Upcoming Events
Unite 2010
11/10 - 11/12 @ Montréal, Canada

GDC China
12/5 - 12/7 @ Shanghai, China

Asia Game Show 2010
12/24 - 12/27  

GDC 2011
2/28 - 3/4 @ San Francisco, CA

More events...
Quick Stats
116 people currently visiting GDNet.
2406 articles in the reference section.

Help us fight cancer!
Join SETI Team GDNet!
Link to us Events 4 Gamers
Intel sponsors gamedev.net search:

Space Cooties! posted 3/10 at 8:49:44 AM PST by John Hattan

Oh, and we would be remiss if we didn't point out that next door to the "Official" gamedev.net hotel, the Day's Inn, was the local headquarters of the Church of Scientology. It was the source of endless jokes, as we passed it every day on our way to the GDC bus. Despite the posters outside, we didn't take 'em up on the offer for the "free personality assessment". We already know we're jerks, so there's no point.

Programming Keynote posted 3/10 at 8:42:34 AM PST by John Hattan

Tucked away on the morning of day five was the programming keynote speech by Dr. Frederick Brooks, professor of computer science at North Carolina University and author of the book The Mythical Man-Month. In addition to starting the Computer Science/Computer Architecture departments at UNC in the 1950's (which was a pretty impressive feat given that the terms "Computer Science" and "Computer Architecture" didn't even exist then) he was one of the original designers of the IBM System/370 hardware and OS in the 1960's. Despite having no previous template upon which to design their CPU and OS, they created a system that is still (in a much-evolved form) operational and available for purchase today. Imagine designing an OS having never actually seen one, and you get the idea.

In any case, Dr Brooks' lecture was about how to properly staff your team and design your software systems early on so that your project doesn't descend into chaos later. He showed the clear difference between one-person projects, two-person projects, "small projects" of less than 20 people, and "large projects" of over 20 people (at one point, the System/370 team had 1,000 members, but he doesn't recommend such a size for a team anymore). The take-home advice seemed to be:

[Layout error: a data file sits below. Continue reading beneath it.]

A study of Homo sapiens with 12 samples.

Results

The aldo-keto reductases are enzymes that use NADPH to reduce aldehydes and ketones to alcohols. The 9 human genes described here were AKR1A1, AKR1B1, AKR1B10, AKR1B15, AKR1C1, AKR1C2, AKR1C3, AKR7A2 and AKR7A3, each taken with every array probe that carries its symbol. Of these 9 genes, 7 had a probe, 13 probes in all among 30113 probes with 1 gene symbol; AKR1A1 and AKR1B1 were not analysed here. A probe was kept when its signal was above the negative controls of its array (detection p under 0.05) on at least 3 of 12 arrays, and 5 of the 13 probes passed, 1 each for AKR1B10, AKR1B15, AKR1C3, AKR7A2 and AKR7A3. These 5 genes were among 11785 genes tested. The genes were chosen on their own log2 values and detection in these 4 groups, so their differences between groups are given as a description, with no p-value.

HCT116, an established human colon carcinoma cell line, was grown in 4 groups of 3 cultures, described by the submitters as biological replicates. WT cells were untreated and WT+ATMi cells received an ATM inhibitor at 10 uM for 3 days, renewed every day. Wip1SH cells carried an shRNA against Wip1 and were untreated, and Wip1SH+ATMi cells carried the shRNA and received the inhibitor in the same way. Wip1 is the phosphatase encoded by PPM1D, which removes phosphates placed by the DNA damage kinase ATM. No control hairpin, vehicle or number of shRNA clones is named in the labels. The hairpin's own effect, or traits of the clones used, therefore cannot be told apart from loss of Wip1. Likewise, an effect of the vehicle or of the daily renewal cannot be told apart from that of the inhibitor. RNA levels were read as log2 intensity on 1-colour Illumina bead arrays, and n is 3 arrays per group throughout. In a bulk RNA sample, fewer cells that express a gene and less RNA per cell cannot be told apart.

• Make your specs very very specific. If they are vague, everyone will read into them what they think it should look like, and nobody will have the same idea. Specs that are very specific and wrong are preferable to specs that are vague, as wrong specs can be discussed and corrected.
  • Borrow a hint from moviemaking and have both a producer and a director. The producer's job is to ensure that the overall vision is in-place and the director's job is to make sure that day-to-day operations are working towards that vision.
  • Try to pair people off, because programmers working in pairs are more than twice as productive as programmers working singly. The amount of code produced at a stretch isn't as high, but the number of defects written is far far lower, and the result is a net gain over working singly.
  • Games are very hard to test compared to things like batch systems that are relatively easy. Make allowances for lots of testing.
  • Have your source control and such in place before you start. Waiting until you need it won't work.

The Tired Day posted 3/8 at 5:01:31 PM PST by Kevin Hawkins

Today is the last day of the GDC 2003, and it shows. Booths in the expo are packing up, final contacts are being made, the press room is dwindling, and the lectures are diminishing. We're all pretty tired (possibly because of the parties last night), but it was definitely an experience and tons of fun.

More updates will be coming throughout the next few days, but in the meantime, see you next year!